GREENVILLE – Greenville High School students received a graphic lesson in the dangers of distracted and drunk driving Wednesday when the Save a Life Tour paid a visit.
“Driving a car is the No. 1 killer in the United States,” said Andrew Tipton, of Grand Rapids, Michigan, who was presenting the program on behalf of Kramer Entertainment.
The presentation began with a 17-minute video that began with scenes of happy people drinking, partying and having and good time, and progressed into scenes of crashing cars, smashing glass, bloodied bodies, and anguished friends and family members.
Tipton told the students gathered in the gymnasium that they had permission in advance if they had to leave the room.
“I don’t know your history,” Tipton said. “I don’t know what you’ve been through.”
As the emotional impact of the video grew on the screens, several students left the room with heads down and tears in their eyes.
Tipton told the students after the video that three out of five of them will be affected, directly or indirectly, by age 30. Many of them already have been. Every 32 minutes, someone dies as a result of drunk driving – sometimes it’s the driver; often, it’s not.
An even more common practice raises an even more common danger – texting while driving. Texting while driving is about six times more likely to cause an accident than driving intoxicated. The National Highway Safety Administration says that texting while driving is the same as driving after consuming four beers and makes a driver 23 times more likely to crash. The National Safety Council reports that 1.6 million crashes per year are caused by texting while driving.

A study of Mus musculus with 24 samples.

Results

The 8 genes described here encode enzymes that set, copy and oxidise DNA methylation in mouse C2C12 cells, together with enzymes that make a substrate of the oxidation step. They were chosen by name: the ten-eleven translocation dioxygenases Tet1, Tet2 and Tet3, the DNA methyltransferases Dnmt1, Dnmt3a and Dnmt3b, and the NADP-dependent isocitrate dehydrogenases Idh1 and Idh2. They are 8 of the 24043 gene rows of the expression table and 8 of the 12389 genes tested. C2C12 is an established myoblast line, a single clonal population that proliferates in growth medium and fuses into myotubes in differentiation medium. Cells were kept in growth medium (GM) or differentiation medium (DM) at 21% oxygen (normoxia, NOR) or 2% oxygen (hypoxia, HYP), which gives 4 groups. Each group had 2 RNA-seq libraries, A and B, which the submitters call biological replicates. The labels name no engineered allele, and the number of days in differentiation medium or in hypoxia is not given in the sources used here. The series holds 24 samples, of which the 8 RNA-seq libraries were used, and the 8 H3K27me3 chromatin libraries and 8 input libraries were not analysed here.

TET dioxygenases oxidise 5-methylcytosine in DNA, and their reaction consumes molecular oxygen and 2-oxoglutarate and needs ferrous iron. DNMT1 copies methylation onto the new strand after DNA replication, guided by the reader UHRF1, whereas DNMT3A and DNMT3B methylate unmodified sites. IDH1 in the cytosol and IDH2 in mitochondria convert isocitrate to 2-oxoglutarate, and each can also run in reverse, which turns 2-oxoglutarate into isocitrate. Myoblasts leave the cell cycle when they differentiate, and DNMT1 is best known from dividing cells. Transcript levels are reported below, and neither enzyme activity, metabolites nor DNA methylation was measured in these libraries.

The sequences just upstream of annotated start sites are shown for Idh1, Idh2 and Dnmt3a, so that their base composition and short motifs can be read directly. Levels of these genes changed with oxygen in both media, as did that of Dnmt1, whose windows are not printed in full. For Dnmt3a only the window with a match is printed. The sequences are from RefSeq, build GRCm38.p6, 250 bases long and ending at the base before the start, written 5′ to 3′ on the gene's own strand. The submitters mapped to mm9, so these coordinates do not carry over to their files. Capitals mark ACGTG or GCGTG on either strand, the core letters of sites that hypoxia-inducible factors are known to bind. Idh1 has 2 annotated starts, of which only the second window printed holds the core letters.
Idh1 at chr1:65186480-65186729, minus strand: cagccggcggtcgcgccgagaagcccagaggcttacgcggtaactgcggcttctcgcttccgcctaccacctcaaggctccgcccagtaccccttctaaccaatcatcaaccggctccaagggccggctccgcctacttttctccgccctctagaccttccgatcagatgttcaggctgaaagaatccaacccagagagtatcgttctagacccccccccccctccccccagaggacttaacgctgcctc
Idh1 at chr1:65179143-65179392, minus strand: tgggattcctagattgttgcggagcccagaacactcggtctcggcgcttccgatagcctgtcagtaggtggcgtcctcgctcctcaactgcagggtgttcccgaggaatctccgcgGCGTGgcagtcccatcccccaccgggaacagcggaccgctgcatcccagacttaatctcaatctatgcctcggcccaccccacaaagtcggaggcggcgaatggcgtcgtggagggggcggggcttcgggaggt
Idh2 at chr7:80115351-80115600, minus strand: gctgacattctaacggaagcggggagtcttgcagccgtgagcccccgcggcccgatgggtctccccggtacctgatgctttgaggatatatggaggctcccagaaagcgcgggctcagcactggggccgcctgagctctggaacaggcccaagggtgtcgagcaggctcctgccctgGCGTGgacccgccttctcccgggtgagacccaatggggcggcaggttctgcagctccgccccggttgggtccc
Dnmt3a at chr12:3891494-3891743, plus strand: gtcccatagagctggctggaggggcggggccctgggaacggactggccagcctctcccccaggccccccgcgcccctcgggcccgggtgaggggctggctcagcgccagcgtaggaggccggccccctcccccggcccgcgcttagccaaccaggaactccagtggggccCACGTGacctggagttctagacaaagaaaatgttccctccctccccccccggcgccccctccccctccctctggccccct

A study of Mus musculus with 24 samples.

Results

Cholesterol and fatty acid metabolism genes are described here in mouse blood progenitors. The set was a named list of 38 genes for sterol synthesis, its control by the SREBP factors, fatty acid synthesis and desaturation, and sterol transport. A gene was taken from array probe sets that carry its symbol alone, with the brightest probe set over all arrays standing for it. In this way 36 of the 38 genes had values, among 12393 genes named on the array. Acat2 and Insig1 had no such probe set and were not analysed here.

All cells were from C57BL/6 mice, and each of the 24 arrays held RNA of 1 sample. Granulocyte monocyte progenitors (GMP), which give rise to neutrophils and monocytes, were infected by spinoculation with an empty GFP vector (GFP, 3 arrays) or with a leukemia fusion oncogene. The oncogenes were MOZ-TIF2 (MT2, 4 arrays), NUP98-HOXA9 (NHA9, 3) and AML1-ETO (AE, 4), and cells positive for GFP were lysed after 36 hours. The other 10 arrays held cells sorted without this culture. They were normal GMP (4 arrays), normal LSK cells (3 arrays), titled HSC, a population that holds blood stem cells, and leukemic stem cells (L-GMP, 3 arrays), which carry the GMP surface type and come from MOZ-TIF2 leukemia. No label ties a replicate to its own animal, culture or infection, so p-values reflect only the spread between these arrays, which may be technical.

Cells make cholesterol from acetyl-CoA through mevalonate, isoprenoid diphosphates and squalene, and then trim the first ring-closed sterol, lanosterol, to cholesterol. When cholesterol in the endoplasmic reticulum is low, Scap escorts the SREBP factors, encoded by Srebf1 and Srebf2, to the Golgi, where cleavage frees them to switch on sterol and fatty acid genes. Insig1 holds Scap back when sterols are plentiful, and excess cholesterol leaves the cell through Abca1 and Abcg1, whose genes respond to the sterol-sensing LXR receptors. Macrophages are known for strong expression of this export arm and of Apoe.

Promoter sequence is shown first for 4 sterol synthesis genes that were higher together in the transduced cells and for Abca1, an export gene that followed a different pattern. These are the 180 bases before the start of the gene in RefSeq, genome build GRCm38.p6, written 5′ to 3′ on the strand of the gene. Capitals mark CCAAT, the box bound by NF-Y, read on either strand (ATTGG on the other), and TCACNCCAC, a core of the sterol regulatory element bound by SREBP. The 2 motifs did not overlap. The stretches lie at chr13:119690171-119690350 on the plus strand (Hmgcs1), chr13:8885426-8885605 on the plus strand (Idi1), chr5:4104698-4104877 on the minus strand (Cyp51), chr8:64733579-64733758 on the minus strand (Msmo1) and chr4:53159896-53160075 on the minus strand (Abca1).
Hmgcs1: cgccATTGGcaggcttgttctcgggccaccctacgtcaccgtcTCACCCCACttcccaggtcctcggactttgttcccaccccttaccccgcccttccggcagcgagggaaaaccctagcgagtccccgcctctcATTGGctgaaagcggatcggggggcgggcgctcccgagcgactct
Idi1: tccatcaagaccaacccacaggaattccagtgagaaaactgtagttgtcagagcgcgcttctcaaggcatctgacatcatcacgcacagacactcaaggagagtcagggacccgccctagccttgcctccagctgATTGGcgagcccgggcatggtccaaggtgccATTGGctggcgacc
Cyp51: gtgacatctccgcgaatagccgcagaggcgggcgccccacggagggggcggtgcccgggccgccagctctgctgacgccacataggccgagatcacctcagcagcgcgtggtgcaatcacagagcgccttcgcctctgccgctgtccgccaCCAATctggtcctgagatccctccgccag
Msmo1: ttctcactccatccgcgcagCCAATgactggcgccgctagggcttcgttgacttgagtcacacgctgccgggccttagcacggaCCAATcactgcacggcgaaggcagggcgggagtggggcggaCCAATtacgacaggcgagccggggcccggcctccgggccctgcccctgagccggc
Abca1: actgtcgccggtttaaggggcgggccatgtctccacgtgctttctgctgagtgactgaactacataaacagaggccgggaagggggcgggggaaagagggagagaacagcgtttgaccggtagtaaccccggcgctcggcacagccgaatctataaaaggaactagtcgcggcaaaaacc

According to the Harvard Center for Risk Analysis, 330,000 injuries are caused by texting while driving.
According to the Insurance Institute for Highway Safety Fatality Facts, 11 teenage deaths every day are caused by texting while driving.
“A lot of people will say, ‘That won’t happen to me,’” Tipton told the students. “A lot of people will say, ‘I’m better than that.’”
Tipton related incidents of his friends over the years who have been involved in drunk or distracted driving crashes. The hardest one for him, he said, happened last summer when his lifelong friend and former school girlfriend was killed, along with her boyfriend, when she was driving drunk and using an app on her phone. The woman hit head-on a vehicle carrying a husband, wife and their 7-year-old son. The son, Tipton said, is still learning how to walk again.
The juniors and seniors at the high school were scheduled throughout the day to return to the gym to try out one or both of the simulators set up to simulate texting while driving and drunk driving.
Senior Logan Emrick was the first to try out the texting-while-driving simulator.
“It was difficult,” she said. “It was distracting.”
Emrick, who admitted to having texted while driving before, said the simulation was “kind of” accurate, but “it was a little more difficult on the simulator, I feel. I think I’m comfortable with my own phone and my own car, but that’s not an excuse.”
She said the whole experience did give her second thoughts, though.
“That video was really sad. I teared up,” she said. “It was eye-opening.”
Senior Annalee Abbott tried out the drunk-driving simulator.
“It was crazy,” she said of her time on the simulator. “Don’t drive drunk!”
Reach the writer at 937-569-4354 or on Twitter @RachelLloydGDA. Join the conversation at Facebook.com/Advocate360.